Boehner accuses Obama of trying to shut down government

Speaker John BoehnerJohn BoehnerRank-and-file Republicans fear lame-duck vote on pricey funding bill New Trump campaign boss took shots at Ryan on radio show Election reveals Paul Ryan to be worst speaker in U.S. history MORE (R-Ohio) on Thursday accused President Obama of threatening to shut down the federal government unless he gets the tax and spending increases he is insisting on.

The GOP leader wrote to Obama earlier in the day urging him to “reconsider” his threats to veto veterans affairs and homeland security bills that passed the House overwhelmingly this week.

“In short, the president said, higher taxes and higher spending or we're going to shut down the government. I think that’s reckless,” BoehnerJohn BoehnerRank-and-file Republicans fear lame-duck vote on pricey funding bill New Trump campaign boss took shots at Ryan on radio show Election reveals Paul Ryan to be worst speaker in U.S. history MORE told reporters.


The Boehner remarks and letter are a dramatic instance of role-reversal. In 2011, Obama scored political points by accusing Boehner of threatening to shut down the government unless he got spending cuts he was seeking. In the end, Democrats and Republicans found a way to compromise on a stopgap continuing resolution to finish 2011 appropriations.

The House is proceeding on the assumption that the sequestration will remain in effect. Using a topline of $967 billion, the bills would increase military spending compared to the sequester but dramatically cut social programs below the sequester level. Labor, health and education bills are to be slashed by 18 percent below the sequester. The Senate is proceeding on the assumption the cuts are turned off, and is using a $1.058 trillion topline figure.

House appropriators are moving the least controversial bills first, and say that they are confident that if Obama is presented with the bills, he will have to back off his threat. To veto funding for veterans and homeland security would be political suicide, Republicans contend. 

“If the president wants to veto that bill, make my day!” Chairman Hal Rogers (R-Ky.) said this week of the veterans measure.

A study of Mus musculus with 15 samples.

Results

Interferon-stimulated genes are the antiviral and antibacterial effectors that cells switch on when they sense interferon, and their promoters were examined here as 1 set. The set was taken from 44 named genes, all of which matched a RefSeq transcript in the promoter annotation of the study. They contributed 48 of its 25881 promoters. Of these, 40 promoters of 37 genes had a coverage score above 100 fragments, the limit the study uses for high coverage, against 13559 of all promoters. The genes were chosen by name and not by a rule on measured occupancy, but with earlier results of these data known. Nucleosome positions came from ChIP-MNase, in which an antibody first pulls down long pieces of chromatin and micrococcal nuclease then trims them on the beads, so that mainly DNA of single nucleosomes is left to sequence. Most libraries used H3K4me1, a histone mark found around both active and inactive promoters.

The veterans bill passed 421 to 4 and the homeland bill passed the House 245 to 182.

Boehner said linking the spending deals to a budget grand bargain is reckless because such a deal is so hard to do.

"No one wants to make progress on the deficits than I do. I’ve been working at it for years now. I know how hard it is. That’s why the idea of shutting down the government if we can’t find a deal is so irresponsible," he said. 

The Speaker pointed out that the threat of sequestration failed to produce a deal already and that the country is now living with indiscriminate cuts that both parties decry as stupid. 

"Truth is we already have a consequence for failing to find further deficit reduction. It’s called sequestration. The president knows that. He concocted this idea and insisted upon it," Boehner said. 

He noted that in accepting the sequester March 1, Obama already said shutdowns should not be added on top of automatic cuts. 

Democrats have been urging House leaders to appoint conferees to conference committee to reconcile the House- and Senate-passed budgets. GOP leaders have been unwilling to do so, saying they need a framework agreement on what would be discussed before convening a conference.

House Majority Leader Eric CantorEric CantorThe Trail 2016: On the fringe Cantor 'pleased' Trump is embracing Jeb Bush's immigration plan Trump’s Breitbart hire sends tremors through Capitol Hill MORE (R-Va.) said there would be no further discussions until Democrats stop demanding tax increases be in the mix.

The White House responded to Boehner remarks by calling on him to convene the budget conference and doubling down on its veto threat.

"It’s time for Speaker Boehner to match his promises of an end to manufactured crises with actions, and to stop obstructing the regular order budget process so we can move forward to find a sensible solution to our budget challenges," said spokeswoman Amy Brundage.

"The administration made one thing very clear this week: we simply won’t sign into law the Republican budget, which would drastically slash the investments the middle class, seniors and our economic growth depend on. The President’s policies, including signing into law over $2.5 trillion of deficit reduction, have contributed to the most rapid decline in the deficit since World War II," she added.

Senate Budget Committee Chairwoman Patty MurrayPatty Murray'BernieCare' can save ObamaCare Senate Dems make Zika a campaign issue Rubio calls for lawmakers to return to DC, pass Zika funding MORE (D-Wash.) said the Speaker was off-base and that it was the GOP that was being reckless.

She said by proceeding with the 12 annual spending bills without a budget agreement, the House was not following regular order at all.

“There’s nothing regular order about them," she said. "Republicans are refusing to allow us to go to conference for one reason and that’s because they want to want to force a manufactured crisis over the debt limit this fall because they think it will give them leverage."

"So let’s be clear about which side is reckless today. Democrats want to get to work right now. We understand that a conference is about compromise," she said.

Alexander Bolton contributed.

This story was last updated at 1:42 p.m.